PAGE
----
December 6, 2010
Upton, NY — Suresh Srivastava, a senior medical scientist at the U.S. Department of Energy’s Brookhaven National Laboratory, has won a Society of Radiopharmaceutical Sciences Lifetime Achievement Award. Srivastava received the award at the International Symposium on Technetium and Other Radiometals in Chemistry and Medicine, held September 8-11, 2010, in Bressanone, Italy. At the same time, Srivastava was also honored with the University of Padova’s Gold Medal in recognition of his continued role in the advancement of basic sciences in nuclear medicine.
The Society of Radiopharmaceutical Sciences holds this international symposium every four years to gather scientists from around the world who study the application of radioactive metals in medical imaging and in the therapy of cancer and other diseases.
“I feel very humbled and greatly honored to receive these awards. I consider myself very fortunate to have had the opportunity to work at Brookhaven National Laboratory,” said Srivastava, who is head of the Radionuclide and Radiopharmaceutical Research Division in Brookhaven’s Medical Department. “The fact that my research has benefited patients is reward enough.”
Srivastava has devoted his work to the development of radioactive metals that can improve the diagnosis and treatment of disease. He came to Brookhaven in 1975, when he joined a chemistry group led by Powell “Jim” Richards, the pioneer of the medical imaging tracer technetium-99m. Srivastava was among the scientists who further refined and promoted the use of Brookhaven’s technetium-99m generator, a system that continues to enable medical professionals to image most human organs. Today, technetium-99m is the most used radiotracer in medical imaging, benefiting more than 15 million patients annually in the U.S. alone.
In 1983, Srivastava was promoted to lead the Radionuclide and Radiopharmaceutical Research Division as well as the technetium chemistry group in Brookhaven’s Medical Department. During the 1980s, Srivastava was involved in the development of the instant technetium-99m red-blood-cell labeling kit, commercially available as UltraTag RBC. The kit rapidly became an invaluable tool for cardiovascular imaging procedures, such as determining the efficiency of the heart’s pumping, and detecting life-threatening conditions such as gastrointestinal bleeding.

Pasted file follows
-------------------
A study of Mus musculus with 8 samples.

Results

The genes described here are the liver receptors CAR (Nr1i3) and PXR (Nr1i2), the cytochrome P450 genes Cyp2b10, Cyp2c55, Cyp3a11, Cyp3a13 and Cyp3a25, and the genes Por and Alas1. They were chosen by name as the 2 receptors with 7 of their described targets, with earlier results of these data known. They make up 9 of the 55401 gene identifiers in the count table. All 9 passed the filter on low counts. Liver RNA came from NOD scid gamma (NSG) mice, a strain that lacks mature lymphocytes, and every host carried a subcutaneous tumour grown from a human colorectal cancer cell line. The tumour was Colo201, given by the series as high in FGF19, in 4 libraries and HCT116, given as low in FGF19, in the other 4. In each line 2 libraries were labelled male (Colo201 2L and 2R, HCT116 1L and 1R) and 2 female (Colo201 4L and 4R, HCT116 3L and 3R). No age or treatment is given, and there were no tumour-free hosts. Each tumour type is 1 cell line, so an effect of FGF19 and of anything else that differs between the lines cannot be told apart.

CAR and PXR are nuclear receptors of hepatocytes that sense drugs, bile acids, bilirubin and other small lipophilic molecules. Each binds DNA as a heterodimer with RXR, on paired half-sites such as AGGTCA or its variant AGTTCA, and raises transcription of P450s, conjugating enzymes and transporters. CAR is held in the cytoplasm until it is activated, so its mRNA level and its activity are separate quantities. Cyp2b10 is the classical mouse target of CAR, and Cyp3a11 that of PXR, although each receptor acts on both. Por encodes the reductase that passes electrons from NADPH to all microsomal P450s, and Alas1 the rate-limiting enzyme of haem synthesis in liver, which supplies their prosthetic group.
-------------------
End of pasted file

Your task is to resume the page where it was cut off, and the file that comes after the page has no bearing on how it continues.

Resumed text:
Srivastava’s current research includes the development and pre-clinical and clinical testing of the radioactive metal tin-117m as a pharmaceutical that can provide pain relief and treatment for cancer patients with bone metastases. This metal also serves as an agent for the imaging and treatment of coronary artery disease. Srivastava also is involved in developing radiolabeled monoclonal antibodies and viral vector systems for the imaging and therapy of cancer. In addition, he is investigating the use of positron-labeled stem cells for the imaging of their trafficking and biodistribution.
“I am very grateful to BNL, and the Medical Department in particular, for providing continuous support and a uniquely fertile environment to conduct and successfully accomplish a number of important research projects that have led to these recognitions,” said Srivastava.
Srivastava received his bachelor’s degree in chemistry and biology and his master’s degree in organic chemistry from Agra University in 1955 and 1957, respectively. In 1961, he received his Ph.D. in inorganic/analytical chemistry from the University of Allahabad. He came to Brookhaven following a number of research and teaching appointments at Louisiana State University, University of Paris, Georgia Institute of Technology, and State University of New York Downstate Medical Center. He is an adjunct professor of radiology at Stony Brook University.
Srivastava’s honors include many awards. These include the 1986 Industrial Research-100 (now R&D) magazine award; the Federal Laboratory Consortium Award in 1988; the Special Recognition Award of the Chilean Society of Biology and Nuclear Medicine in 1989; the BNL Distinguished Research and Development Award in 1995; the RPSC Distinguished Service Award in 1999; the Indo-American Society of Nuclear Medicine Lifetime Achievement Award in 1999; and the 2003 Battelle Distinguished Inventor Award. He has published more than 220 refereed journal articles, 360 abstracts, 26 book chapters, and many seminal review articles. He is the inventor or co-inventor of 29 patented and three statutory inventions. Srivastava is an active member of more than a dozen national and international associations, including the U.S. Society of Nuclear Medicine and the American Chemical Society, in both of which he has held several offices.
Srivastava’s research has been funded mainly by the DOE Office of Science and the DOE Office of Nuclear Energy, and in part by a number of industrial sponsors.